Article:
Bhoothnath


Take one legendary Bollywood superstar, one slightly annoying yet amiable child, a handful of seasoned but extraneous actors, and a split personality plot and you get 'Bhoothnath'. Vivek Sharma's directorial debut starts off sweetly enough, and once you realise that it is aimed at being a kid's movie, the first half pretty much works. All is likable even through the third act, where the movie abruptly and unapologetically turns into a handkerchief-friendly melodrama-fest, but what does one really expect from a Chopra film?

That being said, there were some things I enjoyed about this film. The story rests on two shoulders — the experienced Mr. Bachchan as Bhoothnath/Kailash Nath and the raw talent of Aman Siddiqui as Banku — and both shoulder the responsibility beautifully, complimenting each other wonderfully in this grandfather/grandson type relationship (I admit I was not immune to tearing up a few times). Amitabh Bachchan continues to surprise in every film. Any other actor would've been exhausted by now and I applaud the fact that he doesn't take himself too seriously all of the time. It's a refreshing change.


As for the rest of the cast, each contributes in a moderately passable way. Satish Shah is a caricature as the school principal who eats all of the kids sandwiches and Rajpal Yadav plays the drunken bum to the hilt. Though I'm not one to turn down a man in uniform, especially when it's Shah Rukh Khan, he is simply just there with not much substance to speak of (he must have just come off the item song for 'Masta Kalandar' ponytail and all) and Juhi Chawla's performance - that one time mistress of misfits, an on-screen comedienne without compare - ends up as the most laboured one.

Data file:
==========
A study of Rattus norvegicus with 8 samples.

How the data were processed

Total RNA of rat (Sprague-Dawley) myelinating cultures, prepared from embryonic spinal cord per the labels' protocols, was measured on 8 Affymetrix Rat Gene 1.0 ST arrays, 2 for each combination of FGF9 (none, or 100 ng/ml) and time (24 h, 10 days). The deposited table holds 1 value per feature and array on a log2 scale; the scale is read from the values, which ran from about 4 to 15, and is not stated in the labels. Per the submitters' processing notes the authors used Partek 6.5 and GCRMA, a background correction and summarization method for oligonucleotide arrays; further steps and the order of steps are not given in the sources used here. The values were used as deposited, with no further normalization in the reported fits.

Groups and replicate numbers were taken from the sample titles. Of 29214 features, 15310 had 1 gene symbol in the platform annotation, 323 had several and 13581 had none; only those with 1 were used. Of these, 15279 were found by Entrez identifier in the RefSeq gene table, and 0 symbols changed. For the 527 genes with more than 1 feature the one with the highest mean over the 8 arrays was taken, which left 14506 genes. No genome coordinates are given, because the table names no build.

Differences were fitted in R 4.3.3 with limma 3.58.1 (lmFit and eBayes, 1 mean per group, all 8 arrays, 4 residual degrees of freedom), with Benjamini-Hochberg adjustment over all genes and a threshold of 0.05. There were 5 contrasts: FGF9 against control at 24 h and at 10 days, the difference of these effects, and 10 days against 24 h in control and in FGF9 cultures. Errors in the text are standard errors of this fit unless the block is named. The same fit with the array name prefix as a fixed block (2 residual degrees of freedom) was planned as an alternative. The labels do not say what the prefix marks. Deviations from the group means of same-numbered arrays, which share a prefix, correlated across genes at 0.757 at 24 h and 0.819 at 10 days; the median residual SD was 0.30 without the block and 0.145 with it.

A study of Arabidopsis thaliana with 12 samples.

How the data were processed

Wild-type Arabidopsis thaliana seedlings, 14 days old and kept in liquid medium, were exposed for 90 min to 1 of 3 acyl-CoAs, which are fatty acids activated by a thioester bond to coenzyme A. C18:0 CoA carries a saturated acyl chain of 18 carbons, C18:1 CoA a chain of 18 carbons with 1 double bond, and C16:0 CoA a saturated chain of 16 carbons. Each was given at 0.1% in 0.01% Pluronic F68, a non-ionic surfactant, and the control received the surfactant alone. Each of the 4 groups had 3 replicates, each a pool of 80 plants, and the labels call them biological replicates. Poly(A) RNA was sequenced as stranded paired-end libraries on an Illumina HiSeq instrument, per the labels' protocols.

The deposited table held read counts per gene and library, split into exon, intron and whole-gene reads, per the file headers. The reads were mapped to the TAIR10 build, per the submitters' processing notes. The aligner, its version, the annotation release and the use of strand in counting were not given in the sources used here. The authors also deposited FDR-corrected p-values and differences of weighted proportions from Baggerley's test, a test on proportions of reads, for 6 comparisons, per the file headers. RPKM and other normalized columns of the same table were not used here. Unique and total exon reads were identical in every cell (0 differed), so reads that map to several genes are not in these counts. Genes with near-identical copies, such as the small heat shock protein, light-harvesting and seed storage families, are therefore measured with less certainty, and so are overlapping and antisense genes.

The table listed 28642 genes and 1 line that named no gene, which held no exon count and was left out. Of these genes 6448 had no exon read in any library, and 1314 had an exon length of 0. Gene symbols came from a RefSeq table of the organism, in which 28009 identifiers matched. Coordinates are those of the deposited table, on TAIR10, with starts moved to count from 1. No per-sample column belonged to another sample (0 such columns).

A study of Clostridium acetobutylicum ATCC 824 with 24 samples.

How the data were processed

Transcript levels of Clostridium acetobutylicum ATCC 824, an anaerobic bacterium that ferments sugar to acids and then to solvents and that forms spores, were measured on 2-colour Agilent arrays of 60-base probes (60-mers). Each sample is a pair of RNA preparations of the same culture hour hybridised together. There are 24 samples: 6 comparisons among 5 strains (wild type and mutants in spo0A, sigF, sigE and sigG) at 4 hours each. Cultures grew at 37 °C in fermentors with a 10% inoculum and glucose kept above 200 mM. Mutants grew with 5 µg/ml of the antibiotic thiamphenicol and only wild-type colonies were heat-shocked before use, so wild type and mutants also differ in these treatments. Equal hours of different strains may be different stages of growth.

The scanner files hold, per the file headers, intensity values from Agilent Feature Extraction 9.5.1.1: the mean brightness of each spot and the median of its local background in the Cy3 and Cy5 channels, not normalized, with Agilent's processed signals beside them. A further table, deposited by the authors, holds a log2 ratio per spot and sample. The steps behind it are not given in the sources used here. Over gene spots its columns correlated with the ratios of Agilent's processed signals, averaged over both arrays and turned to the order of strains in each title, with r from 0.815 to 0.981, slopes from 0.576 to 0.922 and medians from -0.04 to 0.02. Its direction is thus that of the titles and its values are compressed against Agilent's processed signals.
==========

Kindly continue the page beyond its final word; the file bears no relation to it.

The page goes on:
The story is mostly aimed at kids, but Vivek Sharma throws in some adult content right before intermission. The unanticipated accident minutes before interval and the emotional moments that follow are brilliantly executed. Ditto for the penultimate 20 minutes, right up to a pooja being organized to 'free' the spirit. Simply outstanding! In fact, the emotional quotient takes the graph of the film to an altogether different level. Even the opening credits were interesting when the candle burned out and the smoke turned into the title of the movie.

Vishal-Shekhar creates a soundtrack which feels immature, but maybe that was their aim. Among the songs, 'Aandhi' is probably the worst picturization I've ever seen in a Hindi film. Dressing the kids up like teenagers (especially the girls who nearly looked like streetwalkers - oh my!) was unnecessary and did not suit the mood for the film. The only song that really stuck in my head is 'Mere Buddy', in which Mr. Bachchan attempts to come off as one cool dude (which works for some I suppose).



Overall, if you can get past all of the impertinent fragments, 'Bhoothnath' is a lovely look at relationships between the young and, shall we say experienced. As someone who never had good relations with her grandparents, I enjoyed it even though it left me feeling a little melancholy. Something happy now please!

4 Response to "Bhoothnath"

  1. theBollywoodFan says:
    June 17, 2009 at 7:47 PM

    I agree on almost everything, shell. The picturization of Aandhi really bothered me too (what were they thinking?). But Amitabh and the kid were a lot of fun to see, and for once, I thought the special effects worked really well with the art direction!

  2. shell says:
    June 18, 2009 at 6:56 AM

    It certainly is nice to see where special effects have gotten better over the years - even the "scary" face was interestingly funny.

  3. Jules says:
    June 20, 2009 at 9:34 PM

    Didn't leave me feeling any sort of connection to grandparents... but I'm so thankful they ended it the way they did so that the boy could still see him cuz I'd have about bawled if they'd have left that all out!

  4. shell says:
    June 21, 2009 at 7:41 AM

    It was a convenient end that left it open for a sequel - though I don't know what kind of movie that would end up being.